Get Your Horns Up!

The Classic Symbols of UT explained

 

Hook ‘Em – One of--if not the most-- recognizable hand signs in sports, “hook ‘em” allows everyone to show school pride and spirit. The sign can be made by extending the index and pinky fingers while placing the thumb over the bent middle and ring fingers. Harley Clark brought the sign to UT in 1955, and ever since then it has been a sign that people all around the world use to identify with the university. 

Bevo – The official mascot of UT athletics, Bevo is the burnt orange longhorn that is at every home football game and whose horns appear all around campus. The first longhorn was introduced to the school in 1916; since then there have been 13 other Bevos. Bevo XIV, our current mascot, keeps this almost century-long tradition alive for the University.

Hex Candles – In 1923, after 18 years of consecutive losses in football to Texas A&M at Kyle Field, some UT students consulted a local fortuneteller to end the jinx on the team. She told them to burn red candles on the week before the game to hex A&M. Now, each Monday before the Thanksgiving game, UT holds the Hex Rally as a way of helping bring the team to victory. 

Albino Squirrel – Legend has it that an albino squirrel can be found scurrying around campus. If seen by a student on the day of a test, the squirrel brings good luck and a guarantee that of an A on their exam, regardless of how much the student studied. Although there are claims that some white fox squirrels live on campus, that rumor does not make an appearance by one to be any less lucky.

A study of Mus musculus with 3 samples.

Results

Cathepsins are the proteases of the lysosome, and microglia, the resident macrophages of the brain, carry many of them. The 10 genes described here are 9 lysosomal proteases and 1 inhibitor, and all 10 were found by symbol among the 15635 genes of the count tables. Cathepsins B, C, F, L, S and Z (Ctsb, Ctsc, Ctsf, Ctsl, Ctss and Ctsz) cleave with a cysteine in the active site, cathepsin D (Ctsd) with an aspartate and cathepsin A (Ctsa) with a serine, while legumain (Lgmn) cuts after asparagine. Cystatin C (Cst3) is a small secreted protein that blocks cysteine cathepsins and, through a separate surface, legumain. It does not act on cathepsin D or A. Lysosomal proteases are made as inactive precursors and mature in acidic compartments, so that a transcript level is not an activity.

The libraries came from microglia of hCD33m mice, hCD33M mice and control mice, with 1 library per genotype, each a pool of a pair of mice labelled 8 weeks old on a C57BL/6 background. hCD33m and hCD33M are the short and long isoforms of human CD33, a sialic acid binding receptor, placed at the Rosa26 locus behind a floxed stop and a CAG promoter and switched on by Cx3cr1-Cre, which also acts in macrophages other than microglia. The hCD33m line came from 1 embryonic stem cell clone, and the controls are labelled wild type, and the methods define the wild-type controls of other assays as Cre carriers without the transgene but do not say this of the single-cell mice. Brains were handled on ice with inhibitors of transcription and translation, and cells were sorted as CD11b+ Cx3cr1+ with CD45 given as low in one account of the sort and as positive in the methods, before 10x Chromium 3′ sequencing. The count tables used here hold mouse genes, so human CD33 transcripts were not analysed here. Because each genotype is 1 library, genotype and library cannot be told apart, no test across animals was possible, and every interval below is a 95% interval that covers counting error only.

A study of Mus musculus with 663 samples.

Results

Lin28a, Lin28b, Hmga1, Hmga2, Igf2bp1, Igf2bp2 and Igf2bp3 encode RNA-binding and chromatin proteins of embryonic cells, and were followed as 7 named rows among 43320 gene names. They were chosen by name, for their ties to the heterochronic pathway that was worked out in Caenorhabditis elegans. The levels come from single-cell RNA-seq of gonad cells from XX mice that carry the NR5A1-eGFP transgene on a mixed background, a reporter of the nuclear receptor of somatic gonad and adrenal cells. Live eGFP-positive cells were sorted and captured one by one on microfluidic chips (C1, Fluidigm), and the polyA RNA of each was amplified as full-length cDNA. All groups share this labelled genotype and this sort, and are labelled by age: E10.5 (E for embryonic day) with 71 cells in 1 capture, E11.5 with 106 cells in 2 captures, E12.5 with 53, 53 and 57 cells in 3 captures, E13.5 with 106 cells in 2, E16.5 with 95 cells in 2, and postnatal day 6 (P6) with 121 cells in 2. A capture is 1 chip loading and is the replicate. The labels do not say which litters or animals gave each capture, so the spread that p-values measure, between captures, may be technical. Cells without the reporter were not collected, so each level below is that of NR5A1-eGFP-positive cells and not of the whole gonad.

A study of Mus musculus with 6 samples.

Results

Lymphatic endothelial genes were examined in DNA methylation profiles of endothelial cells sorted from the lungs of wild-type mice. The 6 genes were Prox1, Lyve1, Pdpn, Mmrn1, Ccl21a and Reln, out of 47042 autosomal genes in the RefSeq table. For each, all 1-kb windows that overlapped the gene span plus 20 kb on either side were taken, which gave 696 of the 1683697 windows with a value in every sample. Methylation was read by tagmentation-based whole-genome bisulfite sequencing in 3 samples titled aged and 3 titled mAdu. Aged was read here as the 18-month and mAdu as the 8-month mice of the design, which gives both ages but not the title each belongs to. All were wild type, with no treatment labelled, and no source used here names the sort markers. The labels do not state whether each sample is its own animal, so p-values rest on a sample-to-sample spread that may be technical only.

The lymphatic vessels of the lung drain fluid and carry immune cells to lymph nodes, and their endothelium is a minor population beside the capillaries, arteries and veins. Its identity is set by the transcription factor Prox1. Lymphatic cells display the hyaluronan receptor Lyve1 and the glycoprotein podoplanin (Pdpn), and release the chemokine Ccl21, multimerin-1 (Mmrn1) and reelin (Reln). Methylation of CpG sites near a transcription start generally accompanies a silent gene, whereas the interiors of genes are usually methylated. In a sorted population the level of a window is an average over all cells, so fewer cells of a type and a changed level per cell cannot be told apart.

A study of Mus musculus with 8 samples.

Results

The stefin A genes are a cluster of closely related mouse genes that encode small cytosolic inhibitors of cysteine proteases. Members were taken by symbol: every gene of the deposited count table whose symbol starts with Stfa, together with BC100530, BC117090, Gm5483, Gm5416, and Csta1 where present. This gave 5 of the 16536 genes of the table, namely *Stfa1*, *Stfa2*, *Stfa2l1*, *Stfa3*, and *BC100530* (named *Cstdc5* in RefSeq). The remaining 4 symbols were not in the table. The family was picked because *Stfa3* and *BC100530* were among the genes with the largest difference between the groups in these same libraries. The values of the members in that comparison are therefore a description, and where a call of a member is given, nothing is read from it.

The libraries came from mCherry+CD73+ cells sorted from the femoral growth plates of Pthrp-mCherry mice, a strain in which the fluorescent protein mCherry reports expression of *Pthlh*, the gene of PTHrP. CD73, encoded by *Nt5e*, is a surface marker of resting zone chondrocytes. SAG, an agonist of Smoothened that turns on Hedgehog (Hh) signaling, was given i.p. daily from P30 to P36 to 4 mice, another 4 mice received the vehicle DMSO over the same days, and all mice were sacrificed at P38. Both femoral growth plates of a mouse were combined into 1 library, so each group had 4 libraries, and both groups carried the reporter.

UT Rings – Receiving a class ring is part of any collegiate experience, but the UT rings also represent a great level of academic achievement at one of the country’s top universities. The traditional design consists of the UT seal with the Latin motto of the university (“Disciplina Praesidium Civitatis”/”Education is the safeguard of democracy”) on top, the graduation year on one side and the longhorn mascot, Texas Exes logo, and the words “The eyes of Texas are upon you” on the other side.

The Tower – The tallest and the most iconic structure of the university, the UT Tower is the center of all major events, rallies and ceremonies for the entire university. French architect Pail Cret designed the 307=-foot building that opened in 1937. The Tower lights up orange for a variety of reasons, such as the football team winning, a UT NCAA team claiming a championship, a new president being inaugurated, or any other event that celebrates an achievement of the University. The Tower also displays the graduating year of each class the night before classes start and again on the day of their graduation. There are a variety of ways that UT uses the Tower to show school pride and accomplishments, and it surely won’t get old to see these feats displayed on this school’s landmark.